Lack of Sleep Can Lead to Suicide


If a person over the age of 65 has a difficult time sleeping, they may be more at risk for suicide attempts in the next 10 years than their counterparts who are able to sleep soundly. It is an area where the possible warning signs need to be examined more closely by physicians who care for those with a history of suicidal tendencies or with depression. Those who complain about their poor quality of sleep, insomnia, and nightmares that occur frequently, have a higher risk for attempting to die by their own hand, or actually succeeding in attempts to kill themselves.

Lack of sleep, even with depression factors accounted for, can be a catalyst for those who take their own life. It is also important to note the majority of people 65 or older have altered sleeping patterns and are not necessarily at risk for killing themselves. Close to 15,000 people were included in this study, published by the Journal of the American Medical Association Psychiatry, and during this period, only 20 subjects died by their own hand.

Two factors were major considerations in this report: Sleep was not felt to be restorative, and falling asleep was a difficult obstacle among those who committed themselves to ending their lives. An interesting aspect of this stigma is the fact both suicide and depression are scorned in most societies and people are reluctant to talk about them, however, having difficulty sleeping is not. World-wide 57 percent of violent deaths are attributed to people killing themselves.

Depression is linked to difficulty in sleeping, and becomes a more likely risk factor for people to commit suicide. This particular study noted when depression was taken out of the equation, poor quality of sleep outweighed depression as a risk component. Those with difficultly sleeping have a compounded problem of emotional stress and physical stress, and may cause those with thoughts of ending their own lives to commit this act.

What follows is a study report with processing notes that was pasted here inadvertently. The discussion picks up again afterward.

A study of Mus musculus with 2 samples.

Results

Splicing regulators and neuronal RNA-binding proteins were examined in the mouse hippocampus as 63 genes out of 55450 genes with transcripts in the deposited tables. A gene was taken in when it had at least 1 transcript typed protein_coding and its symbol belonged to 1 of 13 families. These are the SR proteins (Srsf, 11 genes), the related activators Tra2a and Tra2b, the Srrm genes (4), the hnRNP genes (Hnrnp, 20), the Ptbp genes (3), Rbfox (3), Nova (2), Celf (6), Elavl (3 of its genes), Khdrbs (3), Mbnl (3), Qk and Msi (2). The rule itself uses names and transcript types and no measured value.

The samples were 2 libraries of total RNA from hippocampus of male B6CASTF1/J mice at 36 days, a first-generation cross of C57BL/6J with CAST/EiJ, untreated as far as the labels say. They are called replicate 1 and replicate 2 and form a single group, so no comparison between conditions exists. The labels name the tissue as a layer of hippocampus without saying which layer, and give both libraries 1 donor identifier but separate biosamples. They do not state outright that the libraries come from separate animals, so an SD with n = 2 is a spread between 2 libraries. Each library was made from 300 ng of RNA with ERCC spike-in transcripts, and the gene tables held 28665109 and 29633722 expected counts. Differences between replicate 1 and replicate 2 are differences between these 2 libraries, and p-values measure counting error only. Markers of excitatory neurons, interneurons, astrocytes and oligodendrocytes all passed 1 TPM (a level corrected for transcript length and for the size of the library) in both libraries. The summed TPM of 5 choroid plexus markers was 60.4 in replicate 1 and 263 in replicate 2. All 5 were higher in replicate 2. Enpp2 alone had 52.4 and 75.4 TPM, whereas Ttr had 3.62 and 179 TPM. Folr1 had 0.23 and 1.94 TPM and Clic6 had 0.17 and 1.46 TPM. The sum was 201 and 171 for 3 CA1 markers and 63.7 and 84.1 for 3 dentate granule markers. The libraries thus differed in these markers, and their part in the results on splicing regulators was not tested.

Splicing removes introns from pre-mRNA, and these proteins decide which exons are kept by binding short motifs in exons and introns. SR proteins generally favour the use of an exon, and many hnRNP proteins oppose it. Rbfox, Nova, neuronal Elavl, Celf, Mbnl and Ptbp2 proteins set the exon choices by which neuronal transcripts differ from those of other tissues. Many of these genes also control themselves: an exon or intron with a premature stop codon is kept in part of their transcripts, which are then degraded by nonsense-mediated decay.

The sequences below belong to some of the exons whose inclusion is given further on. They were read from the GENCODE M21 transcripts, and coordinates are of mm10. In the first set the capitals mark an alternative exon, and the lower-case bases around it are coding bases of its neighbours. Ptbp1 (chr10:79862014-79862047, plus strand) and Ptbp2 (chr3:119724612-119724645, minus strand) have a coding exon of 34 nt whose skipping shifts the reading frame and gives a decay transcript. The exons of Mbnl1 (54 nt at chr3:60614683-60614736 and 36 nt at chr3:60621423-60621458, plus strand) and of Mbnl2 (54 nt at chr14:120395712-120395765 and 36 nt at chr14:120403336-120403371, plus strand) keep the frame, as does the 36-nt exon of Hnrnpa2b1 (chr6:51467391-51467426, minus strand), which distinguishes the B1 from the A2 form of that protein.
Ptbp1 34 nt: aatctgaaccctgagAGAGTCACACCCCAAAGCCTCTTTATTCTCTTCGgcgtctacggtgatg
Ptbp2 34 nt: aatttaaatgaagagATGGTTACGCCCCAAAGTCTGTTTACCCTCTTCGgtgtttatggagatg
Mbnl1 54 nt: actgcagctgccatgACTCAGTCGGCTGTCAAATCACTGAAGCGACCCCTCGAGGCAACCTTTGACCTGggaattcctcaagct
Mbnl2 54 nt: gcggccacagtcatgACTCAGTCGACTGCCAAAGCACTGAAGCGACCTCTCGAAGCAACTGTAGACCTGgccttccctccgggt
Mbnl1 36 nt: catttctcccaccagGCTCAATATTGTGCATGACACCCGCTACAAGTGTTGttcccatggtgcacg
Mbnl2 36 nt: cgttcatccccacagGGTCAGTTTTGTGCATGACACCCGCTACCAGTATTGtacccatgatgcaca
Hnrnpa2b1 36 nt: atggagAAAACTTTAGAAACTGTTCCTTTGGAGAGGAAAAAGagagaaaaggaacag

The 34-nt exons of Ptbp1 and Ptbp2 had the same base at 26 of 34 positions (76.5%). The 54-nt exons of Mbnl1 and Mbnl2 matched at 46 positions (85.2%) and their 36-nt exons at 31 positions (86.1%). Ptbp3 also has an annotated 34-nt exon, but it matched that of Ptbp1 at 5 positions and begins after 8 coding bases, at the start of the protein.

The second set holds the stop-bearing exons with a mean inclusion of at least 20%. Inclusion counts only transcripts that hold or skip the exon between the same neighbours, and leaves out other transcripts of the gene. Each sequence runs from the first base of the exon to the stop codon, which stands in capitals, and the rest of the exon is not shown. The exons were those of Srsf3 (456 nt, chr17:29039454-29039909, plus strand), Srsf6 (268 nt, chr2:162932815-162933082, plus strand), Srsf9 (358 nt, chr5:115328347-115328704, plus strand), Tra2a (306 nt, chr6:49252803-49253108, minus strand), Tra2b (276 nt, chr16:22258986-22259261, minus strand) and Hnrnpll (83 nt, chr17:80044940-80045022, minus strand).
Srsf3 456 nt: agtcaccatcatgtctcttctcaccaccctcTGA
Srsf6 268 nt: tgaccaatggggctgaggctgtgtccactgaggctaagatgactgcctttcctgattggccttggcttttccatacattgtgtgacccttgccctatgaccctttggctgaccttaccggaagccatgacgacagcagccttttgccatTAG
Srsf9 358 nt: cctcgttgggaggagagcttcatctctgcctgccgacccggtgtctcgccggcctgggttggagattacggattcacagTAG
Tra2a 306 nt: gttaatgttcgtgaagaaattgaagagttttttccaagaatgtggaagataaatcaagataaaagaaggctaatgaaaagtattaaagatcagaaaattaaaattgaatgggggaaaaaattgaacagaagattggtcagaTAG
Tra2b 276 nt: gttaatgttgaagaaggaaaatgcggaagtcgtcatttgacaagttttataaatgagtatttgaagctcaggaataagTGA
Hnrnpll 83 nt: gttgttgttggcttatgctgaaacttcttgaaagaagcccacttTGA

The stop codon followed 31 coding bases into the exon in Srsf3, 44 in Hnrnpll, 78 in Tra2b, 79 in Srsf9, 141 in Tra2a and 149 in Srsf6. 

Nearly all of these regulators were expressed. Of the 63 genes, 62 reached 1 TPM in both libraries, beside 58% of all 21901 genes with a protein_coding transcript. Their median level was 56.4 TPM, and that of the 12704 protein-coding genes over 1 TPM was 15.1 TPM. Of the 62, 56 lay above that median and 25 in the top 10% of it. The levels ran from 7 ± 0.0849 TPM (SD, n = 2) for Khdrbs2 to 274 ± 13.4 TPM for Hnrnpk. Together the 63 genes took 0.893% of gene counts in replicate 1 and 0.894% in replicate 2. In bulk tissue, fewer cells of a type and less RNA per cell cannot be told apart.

Reasoning abilities and maintaining a balanced emotional state are difficult problems for those with poor sleep, and these two factors enlarge the risk for suicidal tendencies. Not being able to sleep reduces a person’s skills for coping with stress, altering their judgement and thought processes. This study does not report poor sleep as a direct cause of people taking their own life, as there may have been other unknown factors, though it is believed poor sleep does play a part in people who intentionally take their own life.Suicide

Insomnia is a known risk factor for people killing themselves. Not being able to enjoy restful sleep combines with insomnia to cause a deviating pattern of thoughts concerning poor sleep ability that link to suicidal thoughts. Some people unable to obtain a sufficient amount of sleep became obsessed with the notion that a night of restful, restorative sleep was no longer within their grasp.

People with suicide on their minds who are unable to sleep properly believe there is no remedy or method for them to help themselves. It is known effective treatments are available including behavioral therapies and medications. With this knowledge, it is important for medical professionals to take positive action when someone reports an unexpected decline in sleeping properly and may threaten to commit suicide.

By Andy Towle


  1. Tabitha Farrar   August 15, 2014 at 9:39 am

    Andy, the pictures in this article made my day!

    And granted on the issue- I had chronic insomnia for three years, and my levels of depression in that time were very high. Not a good time for me personally, and I found that in terms of chronic insomnia there really is very little help for sufferers who cannot sleep.